Barbara Jordan Beauty School, 2009, conte and graphite on paper bags

Barbara Jordan Beauty School, 2009, conte and graphite on paper bags

A powerful comment on race at Art on Paper's inaugural fair

You've probably written on paper, crumbled it up, and even cut it. But have you ever used it to create a giant installation of puppets? Such was the showpiece greeting attendees at the latest fair to take part in Armory Arts Week, Art on Paper. Unlike most other fairs during the busy New York City art season, Art on Paper sticks to a unifying theme of works using and inspired by, you guessed it--paper. 

At Pier 36 the works were imaginative in their ability to repurpose paper in a digital age. From Mia Pearlman's cut paper installation to Beata Drozd's intricate collages made from fashion magazines to Nathaniel Donnett's thought-provoking piece on colorism titled Barbara Jordan Beauty School. In the latter work, Donnett uses paper bags to reference the "brown paper bag test," an example of internalized racism, once used as a means of discrimination within the African-American community to determine the beauty and social mobility of individuals. Those who were lighter than a paper bag "passed" and those who were darker were ostracized.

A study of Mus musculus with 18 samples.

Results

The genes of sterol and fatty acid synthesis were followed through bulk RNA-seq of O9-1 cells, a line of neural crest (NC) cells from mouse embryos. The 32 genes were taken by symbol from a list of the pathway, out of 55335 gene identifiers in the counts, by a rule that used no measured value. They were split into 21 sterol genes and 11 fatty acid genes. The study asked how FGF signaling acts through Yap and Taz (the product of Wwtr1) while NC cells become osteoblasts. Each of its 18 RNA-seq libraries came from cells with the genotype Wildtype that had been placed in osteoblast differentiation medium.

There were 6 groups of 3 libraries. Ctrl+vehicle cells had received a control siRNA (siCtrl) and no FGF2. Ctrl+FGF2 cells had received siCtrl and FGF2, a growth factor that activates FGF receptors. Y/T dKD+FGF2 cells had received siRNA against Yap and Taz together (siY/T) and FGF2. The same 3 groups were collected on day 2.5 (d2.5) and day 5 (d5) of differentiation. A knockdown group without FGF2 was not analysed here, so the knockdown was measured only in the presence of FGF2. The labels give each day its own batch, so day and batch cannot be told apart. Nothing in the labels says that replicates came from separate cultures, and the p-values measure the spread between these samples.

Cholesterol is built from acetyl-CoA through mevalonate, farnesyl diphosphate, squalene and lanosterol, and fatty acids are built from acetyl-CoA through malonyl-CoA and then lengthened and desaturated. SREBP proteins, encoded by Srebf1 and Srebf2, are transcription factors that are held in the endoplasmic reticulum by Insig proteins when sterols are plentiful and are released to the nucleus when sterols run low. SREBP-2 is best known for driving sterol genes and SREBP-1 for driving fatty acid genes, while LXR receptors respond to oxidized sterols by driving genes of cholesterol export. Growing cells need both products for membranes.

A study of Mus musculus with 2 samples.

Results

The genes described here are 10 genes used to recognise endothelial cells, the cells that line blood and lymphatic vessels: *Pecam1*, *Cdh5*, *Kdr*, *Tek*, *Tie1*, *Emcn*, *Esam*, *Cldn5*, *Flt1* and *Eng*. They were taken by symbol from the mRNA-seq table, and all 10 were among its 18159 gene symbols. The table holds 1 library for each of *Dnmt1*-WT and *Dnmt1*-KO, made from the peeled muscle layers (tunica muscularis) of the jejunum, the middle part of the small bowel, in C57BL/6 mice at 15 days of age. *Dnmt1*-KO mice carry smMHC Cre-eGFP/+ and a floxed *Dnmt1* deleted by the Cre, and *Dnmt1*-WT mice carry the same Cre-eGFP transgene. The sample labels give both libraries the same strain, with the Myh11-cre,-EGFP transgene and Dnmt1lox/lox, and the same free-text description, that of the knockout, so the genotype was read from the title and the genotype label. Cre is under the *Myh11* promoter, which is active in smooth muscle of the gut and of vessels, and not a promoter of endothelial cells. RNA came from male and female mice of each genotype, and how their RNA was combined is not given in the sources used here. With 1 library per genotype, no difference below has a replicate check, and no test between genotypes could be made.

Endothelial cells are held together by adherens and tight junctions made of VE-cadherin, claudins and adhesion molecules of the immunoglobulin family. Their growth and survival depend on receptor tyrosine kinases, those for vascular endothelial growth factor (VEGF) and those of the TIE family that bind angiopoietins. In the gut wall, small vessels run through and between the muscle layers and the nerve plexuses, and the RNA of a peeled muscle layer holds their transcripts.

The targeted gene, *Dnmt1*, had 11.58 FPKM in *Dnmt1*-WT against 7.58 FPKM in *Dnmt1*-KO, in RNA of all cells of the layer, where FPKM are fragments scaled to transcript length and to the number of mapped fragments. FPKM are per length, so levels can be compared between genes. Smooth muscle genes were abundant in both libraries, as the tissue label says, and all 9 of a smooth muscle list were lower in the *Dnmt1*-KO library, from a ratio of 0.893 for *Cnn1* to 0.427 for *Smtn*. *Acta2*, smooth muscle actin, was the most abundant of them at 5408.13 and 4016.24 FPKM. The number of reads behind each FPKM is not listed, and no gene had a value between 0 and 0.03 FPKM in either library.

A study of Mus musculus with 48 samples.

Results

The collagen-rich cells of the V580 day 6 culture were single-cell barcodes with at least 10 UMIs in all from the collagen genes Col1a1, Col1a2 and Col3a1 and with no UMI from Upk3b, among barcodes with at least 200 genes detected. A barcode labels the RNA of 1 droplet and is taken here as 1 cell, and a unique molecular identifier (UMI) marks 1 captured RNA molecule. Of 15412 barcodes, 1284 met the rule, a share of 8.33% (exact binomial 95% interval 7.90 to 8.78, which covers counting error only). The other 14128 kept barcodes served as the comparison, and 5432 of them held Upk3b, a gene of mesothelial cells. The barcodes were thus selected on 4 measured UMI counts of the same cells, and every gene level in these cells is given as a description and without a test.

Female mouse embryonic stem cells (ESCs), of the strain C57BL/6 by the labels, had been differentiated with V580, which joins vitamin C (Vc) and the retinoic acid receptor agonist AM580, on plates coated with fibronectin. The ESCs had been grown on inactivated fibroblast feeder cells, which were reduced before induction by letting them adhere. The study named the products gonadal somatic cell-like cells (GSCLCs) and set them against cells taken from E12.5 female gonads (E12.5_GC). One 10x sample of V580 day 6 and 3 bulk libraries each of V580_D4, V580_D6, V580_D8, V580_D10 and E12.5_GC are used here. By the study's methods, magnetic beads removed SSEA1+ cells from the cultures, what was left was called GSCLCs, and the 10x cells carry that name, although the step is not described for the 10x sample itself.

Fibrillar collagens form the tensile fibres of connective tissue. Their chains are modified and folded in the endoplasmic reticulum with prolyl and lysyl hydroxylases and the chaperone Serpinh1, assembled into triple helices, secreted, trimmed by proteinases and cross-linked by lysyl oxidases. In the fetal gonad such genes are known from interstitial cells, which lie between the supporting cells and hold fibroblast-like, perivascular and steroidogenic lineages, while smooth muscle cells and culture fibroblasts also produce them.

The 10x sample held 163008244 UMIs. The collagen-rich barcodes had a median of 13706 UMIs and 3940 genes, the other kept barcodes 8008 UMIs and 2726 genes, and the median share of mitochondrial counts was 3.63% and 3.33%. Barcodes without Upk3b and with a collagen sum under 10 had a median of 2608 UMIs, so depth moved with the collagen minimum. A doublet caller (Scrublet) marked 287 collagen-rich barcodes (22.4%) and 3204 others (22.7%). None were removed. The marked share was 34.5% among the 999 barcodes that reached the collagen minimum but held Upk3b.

Donnett's work, part of the Jenkins Johnson Gallery booth, highlighted the nuances paper has within the African-American community as not only an everyday material, but also a marker of racial challenges in a fair with very few other artistic statements on race. "We use paper not just to identify our color but also to show our culture," said fairgoer and photographer, Renee Best. "It is good to see artists of color questioning racism and colorism in the art world and causing us to confront that in their work." Whether or not that message got across to most of the fair's 18,000 visitors during its run from March 5 - 8 is unknown. But one thing clear is that should Art on Paper return next year, Armory Arts Week will have a new formidable player in its circle.